The words she speaks can easily pass off as a whisper but those she pens have the power to transform. The 30-something GAYATRIBALA PANDA may not create a ripple in the social circuit, but she has rummaged through the past, sifted through the present and has come up with poems that speak about slices of life in its varied tastes. Known for her works like 'Ahata Pratisruti', 'Aspasta Iswara', 'Aunayatta', 'Dhoop Ke Rang' (Hindi) and 'Jetiki Dishuchi Akasha', more than 600 of her poems have appeared in various Odia magazines. As a mark of recognition, the Sahitya Akademi, India's highest literary body, conferred the Yuva Puraskar award on her for her book 'Gaan', a collection of poems, on Saturday. As the Akademi put it, her humanitarian approach is praiseworthy as she maintains a simple, chaste and appealing style in her poems. Gayatri spoke to DIANA SAHU about poetry, the various influences that impact her writing and life.
How does it feel being recognised by the Sahitya Akademi for contribution to Odia literature?
Incredible. I have been felicitated by a number of literary organisations for my poems and articles, but nothing can match up to the happiness that this award gives me. It feels nice to see your work being recognised.
Tell us something about 'Gaan'
'Gaan' is a long poem about rural Odisha narrating the vanishing values of life. It greatly relates to Odisha's culture and tradition. Besides people, the poem spins around the mythical deities, flowers, water bodies, greenery that represents village life and its folks.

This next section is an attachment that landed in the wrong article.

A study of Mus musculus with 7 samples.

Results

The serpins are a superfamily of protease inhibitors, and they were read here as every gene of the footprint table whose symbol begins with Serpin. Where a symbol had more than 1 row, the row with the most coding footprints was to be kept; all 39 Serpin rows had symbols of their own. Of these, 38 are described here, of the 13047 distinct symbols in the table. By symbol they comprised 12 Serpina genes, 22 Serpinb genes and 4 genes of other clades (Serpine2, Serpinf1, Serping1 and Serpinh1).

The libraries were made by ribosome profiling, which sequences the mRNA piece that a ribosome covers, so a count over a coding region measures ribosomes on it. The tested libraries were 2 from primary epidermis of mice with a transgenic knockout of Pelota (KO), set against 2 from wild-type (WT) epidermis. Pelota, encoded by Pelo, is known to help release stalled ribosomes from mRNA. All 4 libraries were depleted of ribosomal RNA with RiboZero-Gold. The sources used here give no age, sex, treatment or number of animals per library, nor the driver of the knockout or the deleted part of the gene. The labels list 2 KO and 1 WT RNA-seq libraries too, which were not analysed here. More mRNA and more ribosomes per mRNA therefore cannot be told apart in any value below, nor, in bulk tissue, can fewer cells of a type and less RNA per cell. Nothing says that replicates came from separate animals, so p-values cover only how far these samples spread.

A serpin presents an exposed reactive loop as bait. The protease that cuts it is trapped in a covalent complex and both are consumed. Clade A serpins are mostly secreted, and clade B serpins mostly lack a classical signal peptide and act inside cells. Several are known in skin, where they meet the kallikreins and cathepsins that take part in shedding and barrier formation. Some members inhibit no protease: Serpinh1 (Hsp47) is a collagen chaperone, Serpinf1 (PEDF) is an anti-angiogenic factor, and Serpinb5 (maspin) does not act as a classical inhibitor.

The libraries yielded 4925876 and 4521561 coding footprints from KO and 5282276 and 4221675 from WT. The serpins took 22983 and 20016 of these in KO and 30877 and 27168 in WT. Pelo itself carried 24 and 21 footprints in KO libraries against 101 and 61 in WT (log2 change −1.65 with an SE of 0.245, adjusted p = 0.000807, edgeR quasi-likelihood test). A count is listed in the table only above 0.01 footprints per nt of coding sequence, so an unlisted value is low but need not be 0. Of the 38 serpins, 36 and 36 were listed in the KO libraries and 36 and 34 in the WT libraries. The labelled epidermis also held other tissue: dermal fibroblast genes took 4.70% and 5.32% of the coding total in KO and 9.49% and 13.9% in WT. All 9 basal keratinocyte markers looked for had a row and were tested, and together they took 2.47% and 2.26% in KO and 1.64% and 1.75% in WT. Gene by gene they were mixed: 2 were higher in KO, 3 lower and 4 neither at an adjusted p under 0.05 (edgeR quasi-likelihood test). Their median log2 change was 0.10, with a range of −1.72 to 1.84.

What has influenced your work the most?
Life, I suppose. Writing is partly an effort to make sense of things and partly an attempt to remain sane. The absurdity of life, the inherent strangeness of whatever is considered normal, people and their byzantine reasons for doing what they do are the things that brings out my poems spontaneously.
What appeals to you in writing poetry?
I think there should be as many attempts as possible to reach out to the public. You will continue to write whether people read it or not because you have the inherent craving to express. If you reach out, there will be one anonymous person in that crowd who has been looking for this kind of thing and will come forward.
When did you start writing?
At the age of eight. I allowed myself to write as much as I could and now I've literally got drawers full of poems. It just depends on what you?re busy doing at a point in time. I often get busy in editing stories and articles for my monthly Odia magazine 'Anyaa', but I continue writing without worrying about what I would do with the material. And that spontaneity is an important part of how and why I write. My first poem was 'Chacha Authare Asa' which was published in a children?s magazine and also awarded at a State-level function.
Writers you admire? Any specific names who have inspired you?
There are so many wonderful writers; it's tough to name any one in particular.